Choosing Culture Make Stronger Young People
THUNDER BAY – In the city of Thunder Bay, the Aboriginal population in 2011 was 9.8% (11,670) of the total population. The Aboriginal population living in Thunder Bay is younger than the non-Aboriginal; the median age of the Aboriginal population in Thunder Bay was 26.3 years, compared to 42.9 years for the non-Aboriginal population.
With an abundance of young Aboriginal population, issues and social problems affecting Aboriginal youth are imminent. Some issues include: poor health, low levels of education, inadequate housing and overcrowded living conditions, high levels of incarceration, and high rates of suicide. Some social problems are: a lack of cultural identity, racial discrimination, substance and alcohol abuse, and crime.
There is a general lack of cultural and youth outreach programs.
Programing at Shkoday Abinojiiwak Obimiwedoon and Anishnawbe Mushkiki, while excellent are not enough.
It is very difficult for interested Aboriginal youth who do not have the proper transportation to get to the limited programs there are.
Additionally, the high crime rate in Thunder Bay is also a cause for concern for many parents to let their children out in the evening hours.
Furthermore, a lack of interest in cultural activities or any other extracurricular activities is a serious issue. Aboriginal youth left without positive options for activities may end up abusing substances and/or alcohol.
Often these acts are played out to stereotyping, racism, and prejudiced remarks.
With these acts of hate and stereotyping often comes with stereotypical names such as Indians, redskins, alcoholics, lazy, ungrateful, tax-free, and often thugs and gangsters.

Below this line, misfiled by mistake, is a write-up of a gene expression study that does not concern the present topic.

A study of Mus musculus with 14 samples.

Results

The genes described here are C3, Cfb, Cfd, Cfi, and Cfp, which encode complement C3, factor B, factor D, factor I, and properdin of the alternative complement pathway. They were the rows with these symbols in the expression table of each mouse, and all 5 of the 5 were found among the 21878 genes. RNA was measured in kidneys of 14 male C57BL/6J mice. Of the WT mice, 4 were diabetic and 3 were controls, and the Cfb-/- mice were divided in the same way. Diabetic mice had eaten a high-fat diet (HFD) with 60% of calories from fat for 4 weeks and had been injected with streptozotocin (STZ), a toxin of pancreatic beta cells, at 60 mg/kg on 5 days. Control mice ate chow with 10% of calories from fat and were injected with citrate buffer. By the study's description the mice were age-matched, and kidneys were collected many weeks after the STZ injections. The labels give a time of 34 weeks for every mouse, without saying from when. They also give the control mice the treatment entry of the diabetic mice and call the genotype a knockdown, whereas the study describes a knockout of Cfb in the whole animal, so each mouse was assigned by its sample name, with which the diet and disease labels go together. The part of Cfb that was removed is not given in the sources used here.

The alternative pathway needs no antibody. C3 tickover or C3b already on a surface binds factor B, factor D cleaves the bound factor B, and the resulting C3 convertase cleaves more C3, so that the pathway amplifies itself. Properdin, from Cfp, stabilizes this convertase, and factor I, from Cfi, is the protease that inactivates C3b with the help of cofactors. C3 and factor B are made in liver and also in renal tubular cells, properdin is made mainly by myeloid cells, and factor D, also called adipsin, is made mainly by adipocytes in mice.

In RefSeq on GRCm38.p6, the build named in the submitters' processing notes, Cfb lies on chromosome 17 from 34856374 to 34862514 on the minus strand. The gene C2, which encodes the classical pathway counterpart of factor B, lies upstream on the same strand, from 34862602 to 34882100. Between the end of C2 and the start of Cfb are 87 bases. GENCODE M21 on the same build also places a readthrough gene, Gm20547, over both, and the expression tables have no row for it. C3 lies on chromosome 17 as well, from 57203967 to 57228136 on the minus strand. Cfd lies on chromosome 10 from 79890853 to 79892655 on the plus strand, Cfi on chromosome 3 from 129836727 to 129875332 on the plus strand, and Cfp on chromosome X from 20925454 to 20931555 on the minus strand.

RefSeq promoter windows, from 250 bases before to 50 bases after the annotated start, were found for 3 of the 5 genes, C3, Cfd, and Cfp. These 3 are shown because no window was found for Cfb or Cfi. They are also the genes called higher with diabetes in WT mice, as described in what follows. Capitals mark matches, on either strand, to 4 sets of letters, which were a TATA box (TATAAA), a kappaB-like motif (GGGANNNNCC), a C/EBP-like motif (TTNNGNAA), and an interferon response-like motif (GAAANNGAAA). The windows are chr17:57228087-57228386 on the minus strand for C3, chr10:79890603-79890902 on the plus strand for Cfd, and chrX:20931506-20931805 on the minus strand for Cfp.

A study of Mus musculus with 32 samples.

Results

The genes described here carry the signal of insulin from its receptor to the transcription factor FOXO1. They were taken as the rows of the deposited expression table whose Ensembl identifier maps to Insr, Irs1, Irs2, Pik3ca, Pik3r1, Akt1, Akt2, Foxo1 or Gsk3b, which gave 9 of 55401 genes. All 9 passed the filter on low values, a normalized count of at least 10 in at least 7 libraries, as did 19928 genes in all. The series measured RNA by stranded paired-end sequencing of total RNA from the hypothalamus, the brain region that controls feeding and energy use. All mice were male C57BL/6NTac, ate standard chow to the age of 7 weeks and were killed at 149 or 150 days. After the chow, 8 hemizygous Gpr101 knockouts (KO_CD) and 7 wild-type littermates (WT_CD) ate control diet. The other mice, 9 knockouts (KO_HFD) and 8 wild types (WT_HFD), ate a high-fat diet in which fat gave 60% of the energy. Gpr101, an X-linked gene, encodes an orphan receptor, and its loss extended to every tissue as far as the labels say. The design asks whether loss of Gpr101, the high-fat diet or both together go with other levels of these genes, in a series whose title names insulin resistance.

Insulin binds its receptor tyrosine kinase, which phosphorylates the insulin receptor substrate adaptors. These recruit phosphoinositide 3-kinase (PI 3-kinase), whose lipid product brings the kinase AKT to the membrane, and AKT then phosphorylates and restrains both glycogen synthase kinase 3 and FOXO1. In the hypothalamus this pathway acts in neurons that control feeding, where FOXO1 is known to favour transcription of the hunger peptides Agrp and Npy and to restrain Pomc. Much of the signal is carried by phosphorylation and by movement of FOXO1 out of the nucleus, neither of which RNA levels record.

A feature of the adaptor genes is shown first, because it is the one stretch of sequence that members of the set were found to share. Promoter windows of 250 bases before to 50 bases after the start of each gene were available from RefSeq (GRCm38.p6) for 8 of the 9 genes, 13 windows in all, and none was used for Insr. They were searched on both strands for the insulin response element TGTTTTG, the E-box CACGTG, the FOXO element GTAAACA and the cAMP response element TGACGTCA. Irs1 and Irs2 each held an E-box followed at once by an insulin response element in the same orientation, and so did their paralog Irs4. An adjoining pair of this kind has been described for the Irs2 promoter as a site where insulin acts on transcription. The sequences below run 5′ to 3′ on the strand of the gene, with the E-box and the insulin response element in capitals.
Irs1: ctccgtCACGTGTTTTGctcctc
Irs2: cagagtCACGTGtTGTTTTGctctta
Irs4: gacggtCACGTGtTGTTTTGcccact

Cultural identity can be defined as the identity or the feeling of belonging to a nationality, ethnicity, or religion. For many Aboriginal youth in the community, it is their sense of belonging in the Aboriginal cultural community that keeps them focused.
But with a lack of support and youth engagement, that connectivity and interest is shattered with negative factors such as drugs and alcohol.
For many young Aboriginal youth, there is a feeling of being ashamed about their Aboriginal traditions and culture. Parents whom at one point in their lives attended the Indian Residential School system often pass this down. Young children were taught that the Aboriginal traditions and culture was inferior and unequal, these effects still play out today as inter-generational mobility.
There is an identity to be carved out in urban centres that will allow Aboriginal youth to confront issues and identify with culture and modernity to ease the problems of coping with city living. In doing so Aboriginal youth can have the free will to have a blend of traditions and education.
In conclusion, to address these issues and problems, we need to foster positive cultural support programs. We need to make them available within the community at large. We can have youth amongst like-minded people who can help to build interest and connectivity, and to also tackle social problems that many young people face.
Aboriginal youth who are subjected to live a negative lifestyle, without cultural support can become victims to these issues. For one to live freely and not fall into the stigma of these issues they have to live in two worlds, to culturally identify themselves.
To develop that strength takes a lot of determination and support.